Marching on Rome: The Mortal Struggle for Western Culture

The international press has worked hard to provide an antifascist narrative for the 100th anniversary of the fascist March on Rome, Oct. 28, 1922.  Well-featured in these accounts has been an antifascist event in Mussolini’s birthplace of Predappio, attracting about 1,000 demonstrators, at which the participants pledged to resist fascist currents. These contemporary antifascists view as threats to our democratic well-being such villains as newly elected Italian premier, Giorgia Meloni, Donald Trump, Viktor Orban, and (need we mention?) Vlad.

Significantly, however, the antifascist demonstrators were exceeded in number by a multitude of Mussolini fans, who also gathered in the Duce’s Northern Italian birthplace. Here, the former Italian leader and his deceased family members share a huge crypt that continues to attract visitors. Thousands of sympathizers, many of them dressed in black shirts (“Blackshirts,” as they were known, composed the paramilitary wing of Mussolini’s National Fascist Party), went to Mussolini’s burial site where, despite a law passed by the Italian left, they gave the Roman salute. The Duce’s great-granddaughter was on hand and delivered a speech praising her ancestor’s patriotism and efforts to restore “ancient Italian glory.”

Many Italians still associate the fascist era and its leader with an attempt to make the Italian nation count once again, internationally, in a way that it had not since the waning of the Roman Empire. The last period of Mussolini’s at-least-nominal rule, from the fall of 1943 until the Allied occupation of Italy six months later, took place under German Nazi control, and the crimes committed by the Nazis, with very limited Italian assistance, however shameful, may belong only minimally to Mussolini’s legacy, since he had become mainly a figurehead by then.

As a historian of fascism and antifascism, I would note that both the economic achievements and inhumanities of the fascist regime have been, at different times, exaggerated. Although Mussolini was a fervent Italian nationalist who earnestly supported Italian arts and architecture, his military and material accomplishments were quite limited. Two-thirds of Italian industrialization took place after World War II, and Mussolini’s Italy never approached economically the status of a first-world nation. But his regime was also not notably oppressive, and except for about a half-dozen dissenters who lost their lives under his rule (although not necessarily at his orders), most of the Duce’s more persistent adversaries were exiled or encouraged to leave the country.

Juxtaposing Mussolini’s picture with one of Hitler, as some websites have done, suggests a woefully stupid comparison. Until Mussolini unexpectedly went over to Hitler’s camp in the late 1930s, he was Europe’s most stalwart and outspoken anti-Nazi leader. He provided refuge for German Jews fleeing the Third Reich and was an early sponsor of Zionism, or this movement’s right wing, which idolized Mussolini as a great nationalist leader. Through most of the interwar years, Mussolini enjoyed a reputation of being the “Tops,” as in the Cole Porter song of that era, and was viewed (perhaps undeservedly) by FDR and his advisers in the early years of the New Deal as a model economic reformer.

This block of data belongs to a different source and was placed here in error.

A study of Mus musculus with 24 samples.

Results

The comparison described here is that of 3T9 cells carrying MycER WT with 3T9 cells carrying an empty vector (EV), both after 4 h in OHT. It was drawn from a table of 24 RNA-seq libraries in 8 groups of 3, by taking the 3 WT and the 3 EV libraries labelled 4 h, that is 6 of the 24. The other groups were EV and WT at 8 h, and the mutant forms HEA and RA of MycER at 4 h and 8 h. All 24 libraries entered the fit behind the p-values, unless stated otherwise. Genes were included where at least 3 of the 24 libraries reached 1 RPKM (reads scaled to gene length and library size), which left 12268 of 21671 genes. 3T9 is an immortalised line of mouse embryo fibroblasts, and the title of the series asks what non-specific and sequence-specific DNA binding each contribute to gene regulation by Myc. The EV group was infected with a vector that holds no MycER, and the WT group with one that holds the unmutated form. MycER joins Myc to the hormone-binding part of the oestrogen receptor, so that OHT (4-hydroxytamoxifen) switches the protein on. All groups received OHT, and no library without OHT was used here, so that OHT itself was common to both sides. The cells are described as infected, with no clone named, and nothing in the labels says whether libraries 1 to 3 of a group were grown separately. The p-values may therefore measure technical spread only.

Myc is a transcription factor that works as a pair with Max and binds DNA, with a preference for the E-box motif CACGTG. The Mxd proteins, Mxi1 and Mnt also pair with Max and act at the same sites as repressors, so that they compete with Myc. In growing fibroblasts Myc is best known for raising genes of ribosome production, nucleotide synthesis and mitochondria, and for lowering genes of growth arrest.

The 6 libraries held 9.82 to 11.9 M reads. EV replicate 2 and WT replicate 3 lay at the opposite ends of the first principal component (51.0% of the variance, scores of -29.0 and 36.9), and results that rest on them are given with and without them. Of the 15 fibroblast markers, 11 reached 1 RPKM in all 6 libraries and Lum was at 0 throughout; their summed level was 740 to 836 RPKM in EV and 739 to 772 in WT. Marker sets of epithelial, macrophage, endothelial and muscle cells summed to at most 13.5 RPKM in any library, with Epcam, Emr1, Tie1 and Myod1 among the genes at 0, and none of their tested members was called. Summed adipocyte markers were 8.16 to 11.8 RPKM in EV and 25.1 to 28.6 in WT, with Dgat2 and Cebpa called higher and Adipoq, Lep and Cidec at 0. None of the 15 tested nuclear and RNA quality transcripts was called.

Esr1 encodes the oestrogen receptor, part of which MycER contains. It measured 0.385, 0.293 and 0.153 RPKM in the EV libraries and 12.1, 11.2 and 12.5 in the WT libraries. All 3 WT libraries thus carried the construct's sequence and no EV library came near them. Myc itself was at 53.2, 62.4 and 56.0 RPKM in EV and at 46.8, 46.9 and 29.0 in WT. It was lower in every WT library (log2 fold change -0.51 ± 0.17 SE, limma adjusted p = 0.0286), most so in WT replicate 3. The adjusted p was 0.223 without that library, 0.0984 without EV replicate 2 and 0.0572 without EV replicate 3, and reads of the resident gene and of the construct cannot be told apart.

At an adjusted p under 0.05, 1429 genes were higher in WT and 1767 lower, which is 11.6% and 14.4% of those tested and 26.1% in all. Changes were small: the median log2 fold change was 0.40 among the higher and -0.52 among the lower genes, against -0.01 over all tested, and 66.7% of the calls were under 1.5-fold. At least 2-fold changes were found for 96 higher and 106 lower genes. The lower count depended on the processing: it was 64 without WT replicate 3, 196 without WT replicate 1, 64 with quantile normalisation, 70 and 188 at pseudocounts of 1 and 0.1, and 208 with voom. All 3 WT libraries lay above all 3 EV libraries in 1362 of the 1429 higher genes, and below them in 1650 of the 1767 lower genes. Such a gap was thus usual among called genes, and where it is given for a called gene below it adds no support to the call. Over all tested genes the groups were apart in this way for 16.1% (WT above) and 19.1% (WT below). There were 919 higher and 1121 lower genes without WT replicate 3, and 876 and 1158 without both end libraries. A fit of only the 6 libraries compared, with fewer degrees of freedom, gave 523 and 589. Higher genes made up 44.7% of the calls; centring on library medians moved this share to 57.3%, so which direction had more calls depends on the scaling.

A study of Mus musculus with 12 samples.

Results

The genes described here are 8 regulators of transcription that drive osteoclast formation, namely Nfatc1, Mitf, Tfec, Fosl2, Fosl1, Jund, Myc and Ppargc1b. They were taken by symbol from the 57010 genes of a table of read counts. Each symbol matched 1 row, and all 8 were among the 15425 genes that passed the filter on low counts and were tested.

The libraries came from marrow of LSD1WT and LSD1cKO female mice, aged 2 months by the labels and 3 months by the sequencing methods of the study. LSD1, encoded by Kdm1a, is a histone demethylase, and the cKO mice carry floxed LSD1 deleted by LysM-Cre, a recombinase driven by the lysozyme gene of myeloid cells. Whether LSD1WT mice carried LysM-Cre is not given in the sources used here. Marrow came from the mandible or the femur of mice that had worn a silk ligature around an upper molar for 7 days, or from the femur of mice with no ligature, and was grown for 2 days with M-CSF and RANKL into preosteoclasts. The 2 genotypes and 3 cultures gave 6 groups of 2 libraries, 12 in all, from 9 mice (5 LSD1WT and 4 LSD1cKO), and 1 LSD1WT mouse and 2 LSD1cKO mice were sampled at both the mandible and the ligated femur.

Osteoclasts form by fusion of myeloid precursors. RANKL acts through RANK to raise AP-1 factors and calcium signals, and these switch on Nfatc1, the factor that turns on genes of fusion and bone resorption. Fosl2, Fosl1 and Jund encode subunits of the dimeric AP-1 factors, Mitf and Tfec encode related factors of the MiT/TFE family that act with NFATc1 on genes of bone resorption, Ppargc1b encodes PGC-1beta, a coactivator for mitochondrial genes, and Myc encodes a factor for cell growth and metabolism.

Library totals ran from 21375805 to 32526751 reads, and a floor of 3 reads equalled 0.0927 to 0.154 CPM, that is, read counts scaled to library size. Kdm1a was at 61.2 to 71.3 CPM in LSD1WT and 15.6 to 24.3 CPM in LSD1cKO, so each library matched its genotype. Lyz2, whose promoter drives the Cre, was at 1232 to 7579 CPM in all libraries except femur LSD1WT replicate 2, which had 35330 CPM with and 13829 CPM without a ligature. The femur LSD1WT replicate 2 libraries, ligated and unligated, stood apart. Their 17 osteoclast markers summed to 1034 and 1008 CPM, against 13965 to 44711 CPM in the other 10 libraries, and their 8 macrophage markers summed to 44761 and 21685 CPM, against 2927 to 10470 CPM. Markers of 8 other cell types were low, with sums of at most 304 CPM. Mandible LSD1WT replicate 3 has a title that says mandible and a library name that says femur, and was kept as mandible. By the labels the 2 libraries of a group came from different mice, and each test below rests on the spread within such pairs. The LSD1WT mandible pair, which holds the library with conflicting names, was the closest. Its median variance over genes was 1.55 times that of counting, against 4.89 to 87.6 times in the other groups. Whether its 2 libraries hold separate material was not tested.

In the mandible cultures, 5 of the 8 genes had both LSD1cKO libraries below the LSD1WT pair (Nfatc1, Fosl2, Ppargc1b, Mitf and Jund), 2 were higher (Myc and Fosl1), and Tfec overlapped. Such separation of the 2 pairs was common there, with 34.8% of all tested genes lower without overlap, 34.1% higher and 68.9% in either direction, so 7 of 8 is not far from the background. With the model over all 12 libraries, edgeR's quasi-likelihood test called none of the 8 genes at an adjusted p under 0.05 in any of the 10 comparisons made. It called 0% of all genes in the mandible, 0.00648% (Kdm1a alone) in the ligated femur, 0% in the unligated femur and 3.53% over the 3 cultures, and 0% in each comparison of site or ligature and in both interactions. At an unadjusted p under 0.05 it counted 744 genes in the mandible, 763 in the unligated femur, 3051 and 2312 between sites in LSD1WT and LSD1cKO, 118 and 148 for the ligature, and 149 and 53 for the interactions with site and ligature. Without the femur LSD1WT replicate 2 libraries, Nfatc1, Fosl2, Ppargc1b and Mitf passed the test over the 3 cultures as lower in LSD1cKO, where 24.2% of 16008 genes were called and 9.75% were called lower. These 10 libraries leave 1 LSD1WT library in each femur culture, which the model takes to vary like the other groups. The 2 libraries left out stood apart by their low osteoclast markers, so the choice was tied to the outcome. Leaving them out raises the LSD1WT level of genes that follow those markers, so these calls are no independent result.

How then should we interpret Mussolini’s continued support among patriotic Italians? Let me scandalize the left by saying that what Mussolini’s admirers brought forth in Predappio was not an entirely lamentable event. The show of support suggests that some members of Western society are rejecting antifascist wokeness, affirming Western national identities, and above all, scorning leftist historical narratives.

Most historical figures of note—even the great ones—have had negative sides, which authoritative interpreters of the past either stress or push into the background, depending on their own agendas. Although I admire Lincoln as an orator and as a leader of impressive stature, his avoidable invasion of the Southern states cost 700,000 lives and left about 40 percent of our country in ruin. Elizabeth I and Oliver Cromwell in England, Napoleon in France, and Peter the Great in Russia were all memorable nation-builders but also caused the deaths of multitudes. Can we not celebrate such national heroes for their accomplishments even as we also deplore their cruelty?

In the case of Mussolini, I am actually much less interested in what I think were his achievements than I am in what his present celebrants are cheering. They are defending a nation than has been around for thousands of years, one which has produced a towering national culture and which is now struggling against the globalists and wokesters, who wish to put an end to all European national identities. Mussolini may be a deeply flawed national hero, but he also stands for something necessary in this age: resistance to a socially and culturally destructive left. 

Mussolini was also one of the few undisguisedly nationalist leaders that Italy has had since its unification in the 19th century. He was not a faceless bureaucrat in a musical-chair-like succession of premiers, nor was he like Alcide De Gasperi and the Italian Christian Democrats after World War II, who were merely subsidized stand-ins for the U.S. during the ensuing Cold War. In the present Italian administration, under Prime Minister Giorgia Meloni and the Fratelli d’Italia (The “Brothers of Italy” party), we may be observing Italy’s return to a national populist government that will speak unashamedly for an Italian nation, just as Mussolini once also did.